Family Research – English, Scottish and Irish Genealogy


Scots family found by historians

AIMÉE Levant knew enough of her father to answer the taunts of the children at her school that he was not a German soldier, but a Scot – but little more than that. However, after two researchers heard of her quest to discover more about a man she never knew, a vital step has been taken in the Frenchwoman’s hunt for her roots.As reported by the Scotsman

Ms Levant received surprising information about her father’s family this week, thanks to the hard work of two Edinburgh men – Tony Reid, a genealogist, and Alex McKinnon, a researcher. The pair have discovered Ms Levant’s grandparents, Frank and Barbara Mitchell, were Lithuanian immigrants who arrived in Scotland in the early 1900s and settled in Newtongrange, where her grandfather worked as a miner.

The first clues to the origins of Ms Levant’s family were found by Mr Reid, whose company, Scottish Roots, has been based in the capital for 20 years.

After reading Ms Levant’s appeal for information about the family of her father, Jack Joseph Mitchell, in The Scotsman, Mr Reid volunteered his services to help the 62-year-old librarian find her long-lost relatives.

After consulting birth, marriage and death records at the General Register Office, in Edinburgh, Mr Reid was able to confirm that Ms Levant’s father was, indeed, Leading Aircraftman Jack Mitchell, who died in a flying accident over Italy on 6 October, 1945, while he was stationed with the 378 Maintenance Unit RAF, near Naples.

Mr Mitchell was 27 when he fell in love with Ms Levant’s mother, Anne-Marie Thomas, in France, in 1940. They fled south from the invading Nazi forces to the tiny village of Ortaffa, near the Spanish border. There, Mr Mitchell risked his life to get food for Ms Thomas, who was by then pregnant. He was finally able to escape by walking over the Pyrenees with the help of the Resistance.

From Spain, he made his way back to Britain and enlisted in the RAF in Edinburgh in 1941. His daughter, who was born in September 1941, never met her father. But she has longed all her life to trace her Scottish family.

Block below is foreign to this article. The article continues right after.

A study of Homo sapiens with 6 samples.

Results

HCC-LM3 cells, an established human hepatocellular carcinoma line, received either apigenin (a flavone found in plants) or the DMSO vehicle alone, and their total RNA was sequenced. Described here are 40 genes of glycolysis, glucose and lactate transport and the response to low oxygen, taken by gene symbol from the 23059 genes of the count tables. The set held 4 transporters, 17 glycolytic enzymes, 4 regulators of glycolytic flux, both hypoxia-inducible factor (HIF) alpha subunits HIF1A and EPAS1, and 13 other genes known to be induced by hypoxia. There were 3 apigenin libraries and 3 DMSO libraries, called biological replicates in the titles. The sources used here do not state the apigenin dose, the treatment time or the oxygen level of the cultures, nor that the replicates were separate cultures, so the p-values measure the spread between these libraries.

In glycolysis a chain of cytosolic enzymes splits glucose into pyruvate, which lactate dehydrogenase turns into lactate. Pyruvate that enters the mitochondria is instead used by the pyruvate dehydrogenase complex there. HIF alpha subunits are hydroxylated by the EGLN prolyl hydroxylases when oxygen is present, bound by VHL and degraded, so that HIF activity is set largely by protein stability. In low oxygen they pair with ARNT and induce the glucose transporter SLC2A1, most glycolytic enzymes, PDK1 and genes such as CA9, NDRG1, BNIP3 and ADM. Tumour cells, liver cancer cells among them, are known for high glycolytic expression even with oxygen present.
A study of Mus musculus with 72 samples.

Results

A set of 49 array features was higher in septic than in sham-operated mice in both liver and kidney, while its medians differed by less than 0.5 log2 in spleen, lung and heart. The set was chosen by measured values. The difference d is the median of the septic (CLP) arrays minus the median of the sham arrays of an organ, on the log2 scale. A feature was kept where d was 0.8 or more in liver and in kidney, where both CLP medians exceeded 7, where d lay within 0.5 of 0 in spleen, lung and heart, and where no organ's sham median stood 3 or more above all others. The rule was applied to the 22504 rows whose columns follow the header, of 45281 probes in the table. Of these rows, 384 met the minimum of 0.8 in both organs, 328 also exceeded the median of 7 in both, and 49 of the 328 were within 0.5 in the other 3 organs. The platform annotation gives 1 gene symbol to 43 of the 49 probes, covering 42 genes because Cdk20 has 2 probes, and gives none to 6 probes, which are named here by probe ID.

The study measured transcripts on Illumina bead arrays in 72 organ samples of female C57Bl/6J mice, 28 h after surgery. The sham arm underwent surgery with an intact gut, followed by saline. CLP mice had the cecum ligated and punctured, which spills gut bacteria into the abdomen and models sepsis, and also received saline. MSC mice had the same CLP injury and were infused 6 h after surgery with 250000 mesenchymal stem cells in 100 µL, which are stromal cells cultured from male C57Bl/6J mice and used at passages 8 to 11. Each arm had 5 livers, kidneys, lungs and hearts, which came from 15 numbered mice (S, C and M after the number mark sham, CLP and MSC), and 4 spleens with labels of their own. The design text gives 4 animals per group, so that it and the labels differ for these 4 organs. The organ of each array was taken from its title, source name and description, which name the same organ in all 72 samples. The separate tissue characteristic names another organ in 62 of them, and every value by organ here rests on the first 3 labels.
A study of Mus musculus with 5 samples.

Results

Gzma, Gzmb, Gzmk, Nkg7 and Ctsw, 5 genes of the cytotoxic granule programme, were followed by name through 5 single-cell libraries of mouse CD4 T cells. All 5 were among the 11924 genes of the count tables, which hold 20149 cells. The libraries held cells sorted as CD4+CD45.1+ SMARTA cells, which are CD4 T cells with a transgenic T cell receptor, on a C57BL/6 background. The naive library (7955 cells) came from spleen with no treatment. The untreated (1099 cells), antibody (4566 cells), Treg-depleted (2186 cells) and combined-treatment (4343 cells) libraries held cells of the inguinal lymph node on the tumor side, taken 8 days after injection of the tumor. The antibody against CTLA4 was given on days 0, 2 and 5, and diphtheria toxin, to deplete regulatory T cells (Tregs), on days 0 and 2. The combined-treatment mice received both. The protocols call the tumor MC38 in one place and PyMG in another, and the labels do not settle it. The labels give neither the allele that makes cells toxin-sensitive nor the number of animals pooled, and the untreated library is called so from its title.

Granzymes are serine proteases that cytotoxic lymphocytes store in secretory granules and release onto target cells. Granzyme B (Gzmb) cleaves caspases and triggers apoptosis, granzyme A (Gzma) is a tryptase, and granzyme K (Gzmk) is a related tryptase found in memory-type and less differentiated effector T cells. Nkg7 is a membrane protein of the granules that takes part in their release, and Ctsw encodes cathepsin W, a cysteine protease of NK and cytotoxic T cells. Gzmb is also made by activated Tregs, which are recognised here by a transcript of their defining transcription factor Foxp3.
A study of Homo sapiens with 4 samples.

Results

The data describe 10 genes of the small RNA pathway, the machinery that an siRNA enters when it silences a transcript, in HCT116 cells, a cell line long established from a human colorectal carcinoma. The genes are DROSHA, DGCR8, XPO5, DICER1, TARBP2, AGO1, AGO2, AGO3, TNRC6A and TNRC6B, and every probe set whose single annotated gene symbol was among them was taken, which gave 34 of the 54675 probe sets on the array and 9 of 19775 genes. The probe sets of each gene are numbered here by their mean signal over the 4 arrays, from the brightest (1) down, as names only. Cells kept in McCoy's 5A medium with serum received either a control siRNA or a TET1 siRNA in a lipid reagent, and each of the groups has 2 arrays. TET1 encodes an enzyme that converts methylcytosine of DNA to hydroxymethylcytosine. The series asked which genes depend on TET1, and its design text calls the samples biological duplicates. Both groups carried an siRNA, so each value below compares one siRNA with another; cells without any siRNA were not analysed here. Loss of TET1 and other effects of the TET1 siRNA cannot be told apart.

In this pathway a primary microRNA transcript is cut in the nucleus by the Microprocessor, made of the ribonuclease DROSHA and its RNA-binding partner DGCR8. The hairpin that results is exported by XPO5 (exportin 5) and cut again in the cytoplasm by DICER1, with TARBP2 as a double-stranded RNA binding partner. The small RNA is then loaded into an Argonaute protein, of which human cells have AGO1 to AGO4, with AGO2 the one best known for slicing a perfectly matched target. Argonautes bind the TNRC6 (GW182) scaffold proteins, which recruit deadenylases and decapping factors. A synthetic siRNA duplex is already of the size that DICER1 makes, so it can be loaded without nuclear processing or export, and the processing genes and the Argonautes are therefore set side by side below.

Mr Reid’s first discovery was Jack Mitchell’s death certificate, which confirmed that he had been born in Scotland and gave his age as 32. A search for his birth certificate, however, failed to turn up any leads.

But using the names of Mr Mitchell’s parents, Barbara and Frank – information which he had obtained from Jack’s service records – Mr Reid then made a breakthrough by finding Frank Mitchell’s death certificate. Dated 14 December, 1954, it showed that Jack’s father had changed his name from Francis Mikalaitis. The certificate also showed that Frank Mitchell died in Dalkeith, where he had lived in Allan Terrace.

Armed with the new surname, Mr Reid was able to trace Frank and Barbara’s marriage certificate, which showed they were married on 1 June, 1907, at St David’s Roman Catholic Church in Dalkeith. Barbara’s maiden name was given as Milevicius. The couple lived at Loan Road, in Newtongrange, from 1913 to 1921.

Further research revealed that Jack’s parents had emigrated to Scotland, almost certainly from Lithuania, probably just after the turn of the century. Mr McKinnon, who is researching the history of immigrants from the Baltic states to Newtongrange, was able to confirm that Frank Mitchell was one of many Lithuanians who came to the town during this period to work at the Lady Victoria Colliery, now the site of the Scottish Mining Museum.

Mr Reid then traced Jack’s birth certificate. Born on 11 August, 1913, in Newtongrange, he had been registered under the name Joseph Mikalaitis.

“This is one of the most fascinating searches I have ever undertaken,” Mr Reid said. “When I eventually found the marriage certificate of Aimée’s grandparents, I knew I had made a real breakthrough. It’s hard to convey the tremendous feeling of excitement you get from this kind of discovery – and, of course, the harder the search has been, the more intense the satisfaction.”

Speaking from her home on the outskirts of Paris, Ms Levant said: “I felt in my heart that this Jack Mitchell was my father and they have confirmed it. Everything they have found fits perfectly with what my mother told me, namely that my father’s family were very cosmopolitan and came from a little country near Russia.”

Mr Reid and Mr McKinnon are planning to continue their search to trace Ms Levant’s family and are hoping to find more information about Jack Mitchell’s brother, Frank, born on 4 September, 1911, who was living in Coventry at the time of his father’s death in 1954. On 28 May, 1949, he married Edith Julian, at St Francis’ Church, Bedworth, in England.

They also hope to find out more about Jack’s older sister, Hanislaus Stamana, born in 1908, who married Joseph Keagaliauskas in Paris on 22 September, 1934. In 1948, Hanislaus was living near the Rue Saint-Maur in Paris. Ms Levant remembers her aunt visited her regularly while she was briefly in a children’s home.

Last week, Mr McKinnon discovered that Jack Mitchell also had a younger sister, Alsberta, born on 17 March, 1918.

Ms Levant, whose mother severed all ties with the Mitchell family after a later marriage, possibly fearing her Scottish in-laws might try to take her daughter away, said: “I have always thought of myself as Scottish. I hope so much that someone reading this article might contact The Scotsman with information about my lost family. I would love so very much to meet them.”